Warner Bros. // R // March 29, 2016
List Price: $44.95 [Buy now and save at Amazon]

Review by Ryan Keefer | posted March 30, 2016 | E-mail the Author
The Movie:

In the consistent course of re-appropriating cinematic properties of the late ‘80s and early ‘90s, there seems to be little in the way of consideration or justification as to why a remake should happen. Actually, that's not completely true; the Kathryn Bigelow directed, Keanu Reeves-Patrick Swayze co-starred 1991 film Point Break made more than $40 million domestically and doubled that total worldwide, presumably on a modest production budget, so the desire to try and capture lightning in a bottle again, when you're a studio looking at financials, is understandable, even if it isn't fair.

This new version of Point Break was written by Kurt Wimmer (Salt) and directed by Ericson Core Wimmer (Invincible). Reeves' Johnny Utah is no longer an ex-football player, he's an extreme sports athlete played by Luke Bracey (The November Man), and Utah watches his friend die on a mountain BMX jump the pair attempt, before a ‘Seven Years Later' card says Utah's an FBI agent? Utah's done some work researching a group of extreme athletes who are attempting to pull off a series of extreme stunts designed for personal balance and tranquility, while performing robberies of jewels and millions in cash. Utah finds the updated Gary Busey in this film (Ray Winstone, The Gunman) to help him find the leader of the robbers, a quasi-buddhist figure in Bodhi, this time played by Edgar Ramirez (Carlos). You get the rest sort of, Utah befriends Bodhi, finds it hard to capture him, fires his gun into the air and yells, all that stuff.

It was difficult for me to watch Point Break, as it probably would be/is for most people who have seen the original film, without bringing some prejudices into the remake. With that out of the way, let's talk about some of the flaws that exist in this film; the one that looms largest is whatever point that this movie should serve to exist. As far as I can tell, it's basically to show a whole bunch of really cool stunts, which, well, that's why there's YouTube? Is it to show a whole bunch of neck tattoos? Because I watch Nitro Circus and that quota is full.

No, I think this new Point Break exists for the sake of making money (that the film made back its $100 million production budget on international sales alone makes up for the fact that it made less than its predecessor). Because, rather than be a blatant carbon copy, where Utah finds a similar kindred spirit in Bodhi and the viewer gets to explore their shared thoughts of being outsiders in the world, this newer Utah and Bodhi just do a bunch of cool things together, and you're supposed to ooh and ahh and say, ‘Ooh, nice cool things,' rather than have any looks into someone's persona or not.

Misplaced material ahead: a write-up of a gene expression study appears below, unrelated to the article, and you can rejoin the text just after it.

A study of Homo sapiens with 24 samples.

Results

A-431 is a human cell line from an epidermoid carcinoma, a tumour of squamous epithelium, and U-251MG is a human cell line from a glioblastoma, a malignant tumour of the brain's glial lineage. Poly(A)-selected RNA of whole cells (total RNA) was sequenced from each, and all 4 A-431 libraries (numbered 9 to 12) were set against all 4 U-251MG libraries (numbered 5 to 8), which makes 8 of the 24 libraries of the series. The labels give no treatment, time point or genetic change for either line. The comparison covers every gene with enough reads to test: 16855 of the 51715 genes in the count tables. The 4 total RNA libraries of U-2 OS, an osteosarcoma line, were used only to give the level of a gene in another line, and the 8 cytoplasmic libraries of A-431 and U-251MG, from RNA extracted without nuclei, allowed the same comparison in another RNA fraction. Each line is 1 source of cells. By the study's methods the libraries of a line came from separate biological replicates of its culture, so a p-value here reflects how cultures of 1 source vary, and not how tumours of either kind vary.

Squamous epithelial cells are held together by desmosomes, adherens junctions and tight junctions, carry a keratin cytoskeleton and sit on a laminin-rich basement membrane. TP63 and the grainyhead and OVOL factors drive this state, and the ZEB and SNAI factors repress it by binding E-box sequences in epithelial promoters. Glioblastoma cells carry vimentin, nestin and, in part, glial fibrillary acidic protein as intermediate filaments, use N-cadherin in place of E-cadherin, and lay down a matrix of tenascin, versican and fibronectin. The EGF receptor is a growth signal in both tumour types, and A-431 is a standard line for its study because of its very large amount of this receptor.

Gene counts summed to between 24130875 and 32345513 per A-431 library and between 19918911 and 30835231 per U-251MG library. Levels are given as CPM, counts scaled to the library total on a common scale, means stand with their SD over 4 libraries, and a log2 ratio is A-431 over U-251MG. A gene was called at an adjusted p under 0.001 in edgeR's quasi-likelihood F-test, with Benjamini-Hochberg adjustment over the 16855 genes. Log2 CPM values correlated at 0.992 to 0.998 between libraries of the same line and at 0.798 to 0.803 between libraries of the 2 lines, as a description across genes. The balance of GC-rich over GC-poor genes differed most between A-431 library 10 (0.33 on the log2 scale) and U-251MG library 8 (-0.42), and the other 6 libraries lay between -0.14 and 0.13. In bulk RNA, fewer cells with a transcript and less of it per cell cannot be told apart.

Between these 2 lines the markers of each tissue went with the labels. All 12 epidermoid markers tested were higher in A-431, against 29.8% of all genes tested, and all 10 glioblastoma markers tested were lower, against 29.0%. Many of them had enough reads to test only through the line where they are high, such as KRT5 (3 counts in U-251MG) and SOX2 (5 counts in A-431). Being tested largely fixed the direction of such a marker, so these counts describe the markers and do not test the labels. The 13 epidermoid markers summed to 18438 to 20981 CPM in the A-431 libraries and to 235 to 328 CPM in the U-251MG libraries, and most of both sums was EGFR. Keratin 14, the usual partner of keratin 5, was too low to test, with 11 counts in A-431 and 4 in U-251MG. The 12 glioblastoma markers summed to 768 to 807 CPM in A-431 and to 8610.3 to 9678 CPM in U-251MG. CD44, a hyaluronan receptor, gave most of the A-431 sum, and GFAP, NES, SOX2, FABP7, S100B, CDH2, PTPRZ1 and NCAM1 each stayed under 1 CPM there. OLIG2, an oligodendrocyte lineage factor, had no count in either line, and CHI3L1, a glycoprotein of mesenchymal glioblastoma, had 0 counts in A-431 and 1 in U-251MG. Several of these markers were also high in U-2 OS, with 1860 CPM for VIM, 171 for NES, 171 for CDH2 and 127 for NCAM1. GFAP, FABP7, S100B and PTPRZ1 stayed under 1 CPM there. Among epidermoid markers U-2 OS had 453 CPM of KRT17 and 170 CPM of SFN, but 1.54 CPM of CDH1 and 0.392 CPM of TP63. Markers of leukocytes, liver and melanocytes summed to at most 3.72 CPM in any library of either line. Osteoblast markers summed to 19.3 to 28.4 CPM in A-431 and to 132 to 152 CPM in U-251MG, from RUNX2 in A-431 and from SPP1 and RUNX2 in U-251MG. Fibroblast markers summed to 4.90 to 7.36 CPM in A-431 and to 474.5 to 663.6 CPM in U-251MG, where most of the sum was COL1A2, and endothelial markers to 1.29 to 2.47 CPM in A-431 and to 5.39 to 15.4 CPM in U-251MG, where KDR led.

And that's frustrating, because I like Ramirez' work a lot, but feel like he got thrown into the pool with little to work with and seems to be doing an impression of Swayze's assumption of Bodhi, without the charisma. Bracey brings nothing to the table, and as the Lori Petty character in this new Point Break named Samsara (ugh), Teresa Palmer (Warm Bodies) brings even less.

Even in taking the original Point Break out of the discussion, this reimagined Point Break, when given the chance to carve out some sort of identity for itself, fails to do so, and doesn't try in the process. I have seen a lot of trash before, but seldom have I seen something so…unnecessary as this.

The Blu-ray:
The Video:

With an AVC encoded 2.40:1 transfer, Warner makes Point Break look pretty, be it the opening sequence that includes a motorcycle sequence, with chunks of dirt and clouds of dust being kicked up, or the Tahitian monster waves moments later, with blues and greens looking natural and vivid. In the wingsuit sequence, the Swiss mountains also include loads of detail and have a multidimensional look to them and are fabulous. There does appear to be some color timing that may have been part of the theatrical release that is annoying but otherwise, the Blu-ray looks nice.

The Sound:

A DTS-HD MA 7.1 track to go with the transfer and again, does the action sequences well. The idling and revving motorcycles help illustrate how much dynamic range you're about to experience, the crashing waves loop in the thunder of the subwoofer, and the film's dynamic range is broad over the course of the film. Dialogue is without any notable concern, and the soundtrack is super.


You get a standard definition disc and digital code if you want them, but as far as extras go, you have four small featurettes under the menu choice POINT BREAK which discuss the stunts in the film, and the cast and crew's thoughts on them. You have "Rock Climbing" (1:52), "Wingsuit Flying" (2:16), "Snowboarding" (1:58) and "Motorcross" (1:55). Each are quick and forgettable. Four deleted scenes (8:17) include a couple of nice moments that could have been included in the final cut; goodness knows a bunch should have been excised from it. There's a standard definition disc and digital code also.

Final Thoughts:

Everything you may have heard about the Point Break remake was true. And if you didn't hear anything about it, it's probably for the better, as all this movie does is try to convince you pretty people and extreme stunts minus any effort put into the plot is supposed to be exciting somehow. Technically it's a big wave monster but the bonus materials are jokes, to say nothing of the film itself. Don't waste your time on this.